Editorial: Rolling forward on Norwottuck Rail Trail
Former congressman John Olver speaks at the DCR's Norwottuck Rail Trail rehabilitation ground breaking ceremony. The trail will be repaved and widened in some areas. AYRIKA WHITNEY Purchase photo reprints »
Who benefits from improvements to a bike path? The politicians who turned out to mark the start of long-delayed work on the Norwottuck Rail Trail would say just about everyone — commuters, people who want to stay fit and watch their weight and, if human-powered travel helps in its own way to slow global warming, all inhabitants of planet Earth.
That may be a stretch, but the $4.4 million federal investment that’s gone unused for nearly a decade is money that will be well spent in the next 18 months.
This trail is the mother of all such routes in our Valley. The work about to start on the pioneering trail’s first overhaul will fix pavement problems, repair bridges and generally bring this essential artery of the region’s recreation trail network back from neglect.
The Norwottuck Rail Trail may never get as much use as it did when it opened two decades ago, simply because people have more choices today for this kind of recreation. Then again, when people see a wider, smoother trail, it may encourage new users.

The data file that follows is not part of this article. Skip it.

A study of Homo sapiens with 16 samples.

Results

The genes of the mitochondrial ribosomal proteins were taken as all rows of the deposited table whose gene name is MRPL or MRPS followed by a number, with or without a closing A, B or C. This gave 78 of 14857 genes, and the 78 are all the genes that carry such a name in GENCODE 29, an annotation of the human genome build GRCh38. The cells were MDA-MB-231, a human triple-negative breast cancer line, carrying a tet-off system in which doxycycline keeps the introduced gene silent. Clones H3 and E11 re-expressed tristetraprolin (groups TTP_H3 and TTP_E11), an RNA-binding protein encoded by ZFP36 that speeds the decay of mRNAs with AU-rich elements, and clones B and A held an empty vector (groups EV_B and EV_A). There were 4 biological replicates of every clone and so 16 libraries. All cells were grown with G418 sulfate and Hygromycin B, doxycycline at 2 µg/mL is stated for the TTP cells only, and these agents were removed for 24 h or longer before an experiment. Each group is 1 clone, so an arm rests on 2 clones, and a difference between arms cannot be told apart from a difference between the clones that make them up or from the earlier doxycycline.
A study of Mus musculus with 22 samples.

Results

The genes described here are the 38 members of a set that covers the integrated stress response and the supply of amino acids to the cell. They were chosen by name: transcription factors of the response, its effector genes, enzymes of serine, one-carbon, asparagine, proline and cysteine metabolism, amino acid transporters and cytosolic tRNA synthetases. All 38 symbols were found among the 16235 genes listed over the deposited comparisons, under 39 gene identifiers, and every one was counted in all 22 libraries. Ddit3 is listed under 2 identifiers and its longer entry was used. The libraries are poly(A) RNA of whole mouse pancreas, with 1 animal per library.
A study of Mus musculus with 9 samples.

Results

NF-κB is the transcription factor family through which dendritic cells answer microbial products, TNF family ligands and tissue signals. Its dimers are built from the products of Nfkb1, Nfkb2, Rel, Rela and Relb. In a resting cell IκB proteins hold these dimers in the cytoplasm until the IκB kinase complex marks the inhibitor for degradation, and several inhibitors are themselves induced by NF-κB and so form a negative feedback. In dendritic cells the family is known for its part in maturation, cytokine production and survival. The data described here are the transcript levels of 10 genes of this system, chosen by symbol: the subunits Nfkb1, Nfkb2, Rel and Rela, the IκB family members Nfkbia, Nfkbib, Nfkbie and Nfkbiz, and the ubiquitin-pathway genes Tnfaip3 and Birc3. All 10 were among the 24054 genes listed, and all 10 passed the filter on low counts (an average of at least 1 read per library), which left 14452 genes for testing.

Meantime, we’re pleased to see that Williamsburg is warming to the idea of a greenway along the course of the Mill River in that town. A recent Sunday forum drew more than 50 people. They heard of plans for a path that people on foot and on bikes could use to get from Williamsburg to Haydenville without having to travel along Route 9, which lacks sidewalks in many sections.
And nearby, the city of Northampton is preparing to extend its bike path west to the Williamsburg line. All these projects advance a common goal of providing alternative paths that get people moving and enable them to connect with natural places and neighborhoods rather than with stoplights and blacktop.
Work on the roughly 11-mile Norwottuck Rail Trail kicks off with surveying this week. The reconstruction will remove embedded glass shards in the original pavement that, once the surface degraded, led to many flat tires.
Crews are expected to begin at Cross Path Road in Hadley and proceed east toward Amherst. The project will continue through 2014, but the state Department of Conservation and Recreation, which is overseeing the work, plans to keep as much of the trail open for use during the work as possible.
When it’s complete, don’t be surprised if you see former U.S. Rep. John Olver of Amherst out walking — wait, or rollerblading? — the trail. He joked last month that he was afraid, what with design disagreements and delays, that he might never see the project come full circle.
Olver will have been out of office for two years before the job is done, but because he secured the money in Washington, the trail improvements will be part of his legacy of public service. Getting this one done was high on his agenda.